How to cool down in hot weather when you feel your body overheating

Drinking water dehydrated working out exercise sweating
  • As temperatures rise, it’s important to know how to beat the weather.
  • Overheating can lead to heat cramps, heat exhaustion, and heat stroke.
  • Drink plenty of fluids and stay out of the sun when the weather is extreme.
  • Visit Insider’s homepage for more stories.

Heat waves are sweeping the globe.

The Pacific Northwest, in particular, saw record-breaking temperatures this week, as cities including Portland, Seattle, and Eugene, Oregon hit over 100 degrees Fahrenheit for days in a row.

Many residents found themselves without shelter from the heat. (Houses in the region typically do not come equipped with air-conditioning.)

According to the Centers for Disease Control and Prevention (CDC), higher temperatures are linked to respiratory problems and heat-related syndromes, which can be particularly deadly for younger children and elderly people.

Being vigilant about the signs of heat stroke and understanding how to prevent it can be lifesaving as temperatures continue to rise this summer.

Overheating begins with heat cramps, fatigue, and dehydration

The Mayo Clinic says there are three stages to heat stroke: heat cramps, heat exhaustion, and full heat stroke.

The beginning stages of heat stroke may resemble the lethargy that comes with being out during a sunny day.

According to NBC News, you will likely start to feel tired, a little dizzy, and dehydrated.

Heat cramps, or muscle spams randomly around the body, are a telltale sign your body is beginning to overheat.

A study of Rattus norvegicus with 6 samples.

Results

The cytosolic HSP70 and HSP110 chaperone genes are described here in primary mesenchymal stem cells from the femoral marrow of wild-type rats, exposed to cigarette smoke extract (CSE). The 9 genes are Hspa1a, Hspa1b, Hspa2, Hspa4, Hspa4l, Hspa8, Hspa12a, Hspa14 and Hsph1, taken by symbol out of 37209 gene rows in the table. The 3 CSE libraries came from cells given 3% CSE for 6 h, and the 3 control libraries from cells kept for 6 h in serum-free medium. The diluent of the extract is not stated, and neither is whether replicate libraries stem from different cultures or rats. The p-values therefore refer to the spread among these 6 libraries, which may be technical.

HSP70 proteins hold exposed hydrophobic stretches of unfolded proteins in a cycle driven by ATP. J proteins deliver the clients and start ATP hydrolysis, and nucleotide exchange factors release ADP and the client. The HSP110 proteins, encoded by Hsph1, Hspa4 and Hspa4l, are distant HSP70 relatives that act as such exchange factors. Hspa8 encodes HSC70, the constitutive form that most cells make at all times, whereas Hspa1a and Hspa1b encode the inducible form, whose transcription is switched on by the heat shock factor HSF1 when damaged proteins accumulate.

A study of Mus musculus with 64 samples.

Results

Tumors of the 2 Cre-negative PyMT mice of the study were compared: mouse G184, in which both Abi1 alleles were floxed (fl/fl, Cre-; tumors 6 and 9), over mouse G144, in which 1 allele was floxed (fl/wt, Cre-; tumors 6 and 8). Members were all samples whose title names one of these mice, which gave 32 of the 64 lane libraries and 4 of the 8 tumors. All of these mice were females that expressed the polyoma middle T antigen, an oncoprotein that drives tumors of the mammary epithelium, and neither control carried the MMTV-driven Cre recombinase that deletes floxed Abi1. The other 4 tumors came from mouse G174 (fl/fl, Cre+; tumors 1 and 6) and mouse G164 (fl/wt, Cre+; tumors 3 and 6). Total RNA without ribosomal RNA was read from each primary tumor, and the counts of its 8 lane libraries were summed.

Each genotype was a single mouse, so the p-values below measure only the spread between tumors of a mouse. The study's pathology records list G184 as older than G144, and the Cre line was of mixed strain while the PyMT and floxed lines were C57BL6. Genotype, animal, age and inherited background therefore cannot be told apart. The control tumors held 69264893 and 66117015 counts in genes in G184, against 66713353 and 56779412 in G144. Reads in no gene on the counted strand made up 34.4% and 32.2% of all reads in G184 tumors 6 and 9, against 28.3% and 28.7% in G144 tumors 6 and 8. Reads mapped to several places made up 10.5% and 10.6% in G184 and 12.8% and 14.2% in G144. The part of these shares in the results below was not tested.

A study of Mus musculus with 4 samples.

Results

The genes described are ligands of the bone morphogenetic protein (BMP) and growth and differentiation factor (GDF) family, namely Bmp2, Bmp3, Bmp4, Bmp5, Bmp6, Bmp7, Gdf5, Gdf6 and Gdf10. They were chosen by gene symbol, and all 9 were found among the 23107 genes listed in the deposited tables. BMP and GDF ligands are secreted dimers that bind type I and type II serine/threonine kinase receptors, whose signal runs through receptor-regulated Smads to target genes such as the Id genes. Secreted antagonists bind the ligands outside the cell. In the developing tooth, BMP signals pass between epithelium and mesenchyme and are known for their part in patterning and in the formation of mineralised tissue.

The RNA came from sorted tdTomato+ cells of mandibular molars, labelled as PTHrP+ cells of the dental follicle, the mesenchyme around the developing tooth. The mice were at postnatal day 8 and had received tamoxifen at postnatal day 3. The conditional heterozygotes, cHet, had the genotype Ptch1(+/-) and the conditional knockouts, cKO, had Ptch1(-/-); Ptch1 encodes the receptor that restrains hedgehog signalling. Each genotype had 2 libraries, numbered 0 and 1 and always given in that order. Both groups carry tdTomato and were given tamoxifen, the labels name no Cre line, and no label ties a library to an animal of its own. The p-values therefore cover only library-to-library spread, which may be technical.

At this stage, the Mayo Clinic recommends taking a break from whatever activity you’re doing to drink clear juice or something filled with electrolytes, massage the muscle, and wait until the cramps go away to do any strenuous tasks.

If you feel heavy sweating, headache, and nausea, the full effects of heat exhaustion are likely setting in

If you begin to get nauseous, have a headache, and profuse sweating, there’s a chance your body has moved into the heat exhaustion stage of overheating.

Full heat exhaustion occurs when the body reaches an internal temperature of 104 degrees Fahrenheit, according to the American Academy of Family Physicians. This internal temperature can be harmful because it can lead to heat stroke, which can be deadly.

The Mayo Clinic recommends moving into a cooler area, drinking water, and stopping all activity if you find yourself suspecting heat exhaustion.

Feeling confused or a complete lack of sweat could mean a more serious case of heat stroke that requires a hospital visit

According to the UK National Health Service, heat stroke normally occurs once the body stops shutting down organs due to the heat. People exhibiting signs of heat stroke typically don’t sweat despite feeling extremely hot, have fast breathing, might have a seizure, or seem confused.

Heat stroke is the most dangerous and concerning phase of overheating because it can cause permanent brain damage or death.

Authorities recommend hospital treatment if you notice any of the symptoms of heat stroke.

Overall, it’s important to stay hydrated, take cold showers, dampen your clothes, and avoiding the sun between 11 am and 3 pm in extreme areas to help prevent overheating altogether.